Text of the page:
In a Learning App for Kids, Parents Want Soft Skills and Culture
With families around the world spending time at home to prevent the spread of coronavirus, some parents are turning to learning apps to keep their kids occupied.
Last year, we conducted a study to find out what parents look for in a learning app for their kids. For this qualitative project, we spoke to parents of kids aged 6 months to 8 years across 7 countries (Australia, Brazil, Mexico, China, Germany, Spain, and the UK). Here’s some of what we learned:
Parents want a mix of soft skills and culture in a learning app – not academics. In a learning app for kids to use at home, parents want to supplement areas not covered in school. They are most interested in soft skills like building confidence, enhancing social/emotional skills, and encouraging independence. There is also a desire for apps that allow kids to explore culture – their own local culture, the cultures of other countries, and foreign languages.
Kids differ more by age than by geography. Around the world, kids of similar ages have similar learning needs. Apps have the potential to be relevant anywhere, so long as they steer away from curriculum-based topics.
Parents feel that age 3 to 5 presents the biggest opportunity for a learning app. Age 3 to 5 is where kids’ learning becomes more self-directed and exploration is most varied. Parents think this age group is overlooked in the learning app space and that many current apps aren’t pitched at the right level. For kids in the under-3 range, parents favor real-world experiences and don’t want to rely too much on apps. For kids aged 6 to 8, schools influence learning scope as well as platforms – and often pay for them.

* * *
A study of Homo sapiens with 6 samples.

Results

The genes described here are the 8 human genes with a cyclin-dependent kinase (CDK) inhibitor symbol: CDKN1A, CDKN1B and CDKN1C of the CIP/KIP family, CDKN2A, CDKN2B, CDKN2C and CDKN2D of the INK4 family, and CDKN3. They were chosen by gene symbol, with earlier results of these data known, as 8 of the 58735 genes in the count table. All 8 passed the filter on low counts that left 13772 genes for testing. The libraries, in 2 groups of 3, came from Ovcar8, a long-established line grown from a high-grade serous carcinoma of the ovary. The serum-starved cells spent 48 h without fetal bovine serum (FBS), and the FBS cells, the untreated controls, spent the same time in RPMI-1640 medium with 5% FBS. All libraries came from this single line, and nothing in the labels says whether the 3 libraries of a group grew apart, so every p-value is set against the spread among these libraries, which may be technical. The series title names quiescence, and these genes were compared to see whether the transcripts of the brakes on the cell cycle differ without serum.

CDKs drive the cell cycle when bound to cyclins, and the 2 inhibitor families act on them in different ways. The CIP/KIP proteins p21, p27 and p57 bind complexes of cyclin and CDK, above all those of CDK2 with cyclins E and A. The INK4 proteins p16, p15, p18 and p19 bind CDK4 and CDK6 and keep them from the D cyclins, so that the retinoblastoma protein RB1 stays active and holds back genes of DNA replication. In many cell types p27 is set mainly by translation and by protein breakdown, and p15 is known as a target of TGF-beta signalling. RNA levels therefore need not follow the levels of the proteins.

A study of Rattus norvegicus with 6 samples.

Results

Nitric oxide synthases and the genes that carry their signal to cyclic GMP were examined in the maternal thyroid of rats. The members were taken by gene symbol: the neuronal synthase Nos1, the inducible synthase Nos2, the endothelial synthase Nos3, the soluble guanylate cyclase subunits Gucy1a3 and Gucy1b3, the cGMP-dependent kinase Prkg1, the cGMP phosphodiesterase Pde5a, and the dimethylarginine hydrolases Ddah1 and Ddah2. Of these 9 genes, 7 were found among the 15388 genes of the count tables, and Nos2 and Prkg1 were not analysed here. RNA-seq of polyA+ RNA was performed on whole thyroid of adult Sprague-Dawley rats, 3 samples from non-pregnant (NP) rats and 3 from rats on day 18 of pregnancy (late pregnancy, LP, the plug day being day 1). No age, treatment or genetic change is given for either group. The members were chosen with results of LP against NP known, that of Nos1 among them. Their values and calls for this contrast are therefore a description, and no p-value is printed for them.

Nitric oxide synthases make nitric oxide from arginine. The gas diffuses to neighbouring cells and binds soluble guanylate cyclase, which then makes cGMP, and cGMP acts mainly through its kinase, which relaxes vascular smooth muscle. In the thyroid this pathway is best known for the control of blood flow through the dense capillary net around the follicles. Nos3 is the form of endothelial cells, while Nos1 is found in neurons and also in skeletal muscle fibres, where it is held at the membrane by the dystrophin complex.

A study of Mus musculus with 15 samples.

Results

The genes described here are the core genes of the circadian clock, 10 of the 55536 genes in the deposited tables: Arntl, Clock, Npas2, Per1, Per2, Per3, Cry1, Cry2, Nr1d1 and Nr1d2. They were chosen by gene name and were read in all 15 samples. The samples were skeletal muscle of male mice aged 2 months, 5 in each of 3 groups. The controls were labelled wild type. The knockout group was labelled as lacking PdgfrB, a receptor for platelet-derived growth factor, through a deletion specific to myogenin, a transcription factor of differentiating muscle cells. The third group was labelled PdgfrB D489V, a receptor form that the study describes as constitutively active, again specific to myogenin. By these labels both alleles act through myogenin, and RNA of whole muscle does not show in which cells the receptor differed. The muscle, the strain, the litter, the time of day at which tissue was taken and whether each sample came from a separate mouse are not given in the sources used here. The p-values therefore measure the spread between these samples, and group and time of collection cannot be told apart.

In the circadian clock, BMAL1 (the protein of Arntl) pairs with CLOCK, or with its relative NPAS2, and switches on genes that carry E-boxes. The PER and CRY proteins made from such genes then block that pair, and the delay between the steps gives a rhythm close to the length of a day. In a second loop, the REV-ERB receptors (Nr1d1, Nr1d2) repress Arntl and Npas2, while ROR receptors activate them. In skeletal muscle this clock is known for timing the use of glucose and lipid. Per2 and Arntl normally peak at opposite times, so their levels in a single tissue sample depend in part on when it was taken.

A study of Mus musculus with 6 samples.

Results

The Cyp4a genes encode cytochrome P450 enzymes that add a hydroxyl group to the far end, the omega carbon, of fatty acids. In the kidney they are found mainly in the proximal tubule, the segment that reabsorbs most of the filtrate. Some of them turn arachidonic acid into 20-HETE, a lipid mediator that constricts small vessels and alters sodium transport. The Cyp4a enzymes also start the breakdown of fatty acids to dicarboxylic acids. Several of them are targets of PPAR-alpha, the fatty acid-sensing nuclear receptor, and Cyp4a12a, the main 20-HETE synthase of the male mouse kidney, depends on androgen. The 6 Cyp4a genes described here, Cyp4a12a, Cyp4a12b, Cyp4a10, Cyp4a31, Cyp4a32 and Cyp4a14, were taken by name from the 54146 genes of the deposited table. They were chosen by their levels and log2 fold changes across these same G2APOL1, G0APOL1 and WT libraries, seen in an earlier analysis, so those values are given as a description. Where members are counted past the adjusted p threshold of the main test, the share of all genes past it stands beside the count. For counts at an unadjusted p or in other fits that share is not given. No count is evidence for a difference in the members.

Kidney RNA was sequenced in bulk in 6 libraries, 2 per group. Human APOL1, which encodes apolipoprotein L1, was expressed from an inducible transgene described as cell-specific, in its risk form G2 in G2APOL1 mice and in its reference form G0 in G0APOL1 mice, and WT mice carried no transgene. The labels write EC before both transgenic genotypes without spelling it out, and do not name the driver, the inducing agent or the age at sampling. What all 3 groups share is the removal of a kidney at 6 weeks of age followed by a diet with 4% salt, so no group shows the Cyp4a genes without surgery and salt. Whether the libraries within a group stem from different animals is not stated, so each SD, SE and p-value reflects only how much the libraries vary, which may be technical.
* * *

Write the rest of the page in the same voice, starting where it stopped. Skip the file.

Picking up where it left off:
Parents aren’t looking for apps to “assess” their child, they want enrichment that teaches kids in unique and compelling ways. While parenting today can be competitive, parents feel the idea of an app that assesses their kids’ knowledge or abilities could provoke anxiety in kids and parents alike. Parents also don’t believe that a standardized benchmark could credibly evaluate their kids – there is a general perception that every child is different and there is no common standard. They also believe that pediatricians and school staff are assessing their kids to their satisfaction.
Apps that can customize a child’s learning and entertain kids while parents are busy are of interest. An app that could address kids’ individual needs through mixed modes of engagement, progress with the child, and feature a breadth of topics would be appealing to parents. Parents also expressed interest in an app that could help their child learn in a fun way while they’re busy with other things.